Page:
August 03, 2020

Already the ACH Contact Registry is Being Put to Good Use


Michael W. Kahn

Michael W. Kahn


Contact Registry

That didn’t take long at all. 

The ACH Contact Registry opened for business on July 1, and within a matter of days there were success stories to tell. Like when Eric Wester at UMACHA got a call from a member needing help with a missing payroll credit. Wester suggested getting in touch with the RDFI to track down the status of the payment.

“From there that’s where we utilized the Registry, and we were able to find an email, a phone number and a fax number for staff at that financial institution that they could reach out to,” said Wester, Associate Director of Compliance Service at the Brooklyn Park, Minnesota-based Payments Association. 

And that’s not the only time Wester has put the Registry to use in its debut weeks.

“With all the COVID-19-related scams, we’ve had several members who have contacted us because they said, ‘Our Originator sent out this credit, we’ve now determined that it’s fraudulent, and we want to reach out to the RDFI to let them know and see if they can return the funds,’” said Wester. “We’ve had multiple instances of this, where people are contacting us to see if we have good contact information for the other financial institution.” 

Using the ACH Contact Registry, he’s been able to help. He said the Registry is “very easy” to use, especially the ability to search by routing number or financial institution name. And it eliminates many “pain points” for UMACHA and financial institutions from the pre-Registry days.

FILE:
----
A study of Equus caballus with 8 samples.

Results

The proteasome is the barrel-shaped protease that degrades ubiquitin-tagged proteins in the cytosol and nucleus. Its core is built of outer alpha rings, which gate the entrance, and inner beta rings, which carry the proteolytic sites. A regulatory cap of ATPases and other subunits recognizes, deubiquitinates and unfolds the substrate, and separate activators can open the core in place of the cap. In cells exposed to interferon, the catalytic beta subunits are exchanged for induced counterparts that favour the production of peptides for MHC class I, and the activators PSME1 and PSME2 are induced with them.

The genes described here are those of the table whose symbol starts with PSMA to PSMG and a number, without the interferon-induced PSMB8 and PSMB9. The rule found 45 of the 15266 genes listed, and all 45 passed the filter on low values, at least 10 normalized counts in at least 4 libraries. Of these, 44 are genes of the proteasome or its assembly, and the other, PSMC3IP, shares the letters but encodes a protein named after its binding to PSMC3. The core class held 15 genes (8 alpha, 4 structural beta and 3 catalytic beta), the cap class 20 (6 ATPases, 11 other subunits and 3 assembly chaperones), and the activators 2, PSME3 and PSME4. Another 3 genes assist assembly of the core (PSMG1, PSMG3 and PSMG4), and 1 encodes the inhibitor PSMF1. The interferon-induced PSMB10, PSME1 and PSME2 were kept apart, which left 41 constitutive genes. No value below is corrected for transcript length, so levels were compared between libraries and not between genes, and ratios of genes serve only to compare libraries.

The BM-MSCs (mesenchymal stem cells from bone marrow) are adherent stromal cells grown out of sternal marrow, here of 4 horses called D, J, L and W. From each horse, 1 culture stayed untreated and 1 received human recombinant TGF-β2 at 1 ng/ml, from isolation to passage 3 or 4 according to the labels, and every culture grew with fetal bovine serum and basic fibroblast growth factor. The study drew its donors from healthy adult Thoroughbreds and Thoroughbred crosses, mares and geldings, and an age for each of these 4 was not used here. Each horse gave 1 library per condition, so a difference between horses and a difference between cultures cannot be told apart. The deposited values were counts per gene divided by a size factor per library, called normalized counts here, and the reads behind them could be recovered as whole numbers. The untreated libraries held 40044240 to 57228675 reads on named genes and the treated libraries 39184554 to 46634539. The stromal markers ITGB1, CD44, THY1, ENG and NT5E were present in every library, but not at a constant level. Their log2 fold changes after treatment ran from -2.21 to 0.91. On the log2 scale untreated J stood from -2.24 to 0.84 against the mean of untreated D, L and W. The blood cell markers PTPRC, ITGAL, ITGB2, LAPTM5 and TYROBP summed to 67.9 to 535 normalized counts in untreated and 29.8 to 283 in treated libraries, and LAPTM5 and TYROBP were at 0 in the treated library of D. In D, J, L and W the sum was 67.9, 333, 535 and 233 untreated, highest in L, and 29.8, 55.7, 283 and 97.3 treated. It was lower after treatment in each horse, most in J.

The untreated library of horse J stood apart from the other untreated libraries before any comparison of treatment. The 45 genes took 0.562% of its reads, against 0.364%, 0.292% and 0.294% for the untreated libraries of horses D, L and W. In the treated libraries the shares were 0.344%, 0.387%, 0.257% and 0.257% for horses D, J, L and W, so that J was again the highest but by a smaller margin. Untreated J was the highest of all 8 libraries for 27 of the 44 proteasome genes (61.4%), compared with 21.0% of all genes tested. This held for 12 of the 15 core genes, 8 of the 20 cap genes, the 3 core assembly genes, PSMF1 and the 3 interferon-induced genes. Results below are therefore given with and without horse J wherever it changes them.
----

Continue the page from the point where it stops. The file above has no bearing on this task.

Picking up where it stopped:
UMACHA has been actively encouraging members to enter their information in the Registry. It’s been mentioned on the UMACHA homepage, featured in a June print newsletter, and included in weekly email newsletters. 

“Our compliance team is reviewing whether the financial institution is registered in the contact registry during each audit we conduct. If they are not yet registered, we make sure they’re aware of the registry and provide any assistance needed to help get them registered,” said Wester.

“We’re going to continue to see if we can identify proactive ways to reach out to our members to make sure that everyone’s getting registered,” he added.

The ACH Contact Registry lives on Nacha’s secure Risk Management Portal. It covers not only ACH operations, but also fraud and risk management. For each area, financial institutions need to enter either primary and secondary contacts, or a department contact. Those email addresses and phone numbers need to be monitored during normal business hours. And while Payments Associations are always there to help, FIs can go into the Registry and do the lookups themselves. 

In July, the first month it was open, Nacha reports nearly 9,400 contacts were registered, a figure that passed 10,000 in the first days of August. For FIs that haven’t entered their contact information on the Registry, Wester’s message is twofold.

“By getting registered and putting out the information that you want, you can help ensure that requests get routed to the staff that you want them to get routed to,” he said. “The other benefit is that you have this resource to be able to use to find this information for other financial institutions when you need it.”

And, of course, it’s now part of the Nacha Operating Rules. The registration deadline is Oct. 30, 2020, though there will be a grace period running through Aug. 1, 2021, during which failure to register won’t be treated as a Rules violation.

But Wester sees no point in waiting.

“Just get it done now so it’s out of the way and you don’t have to worry about it.”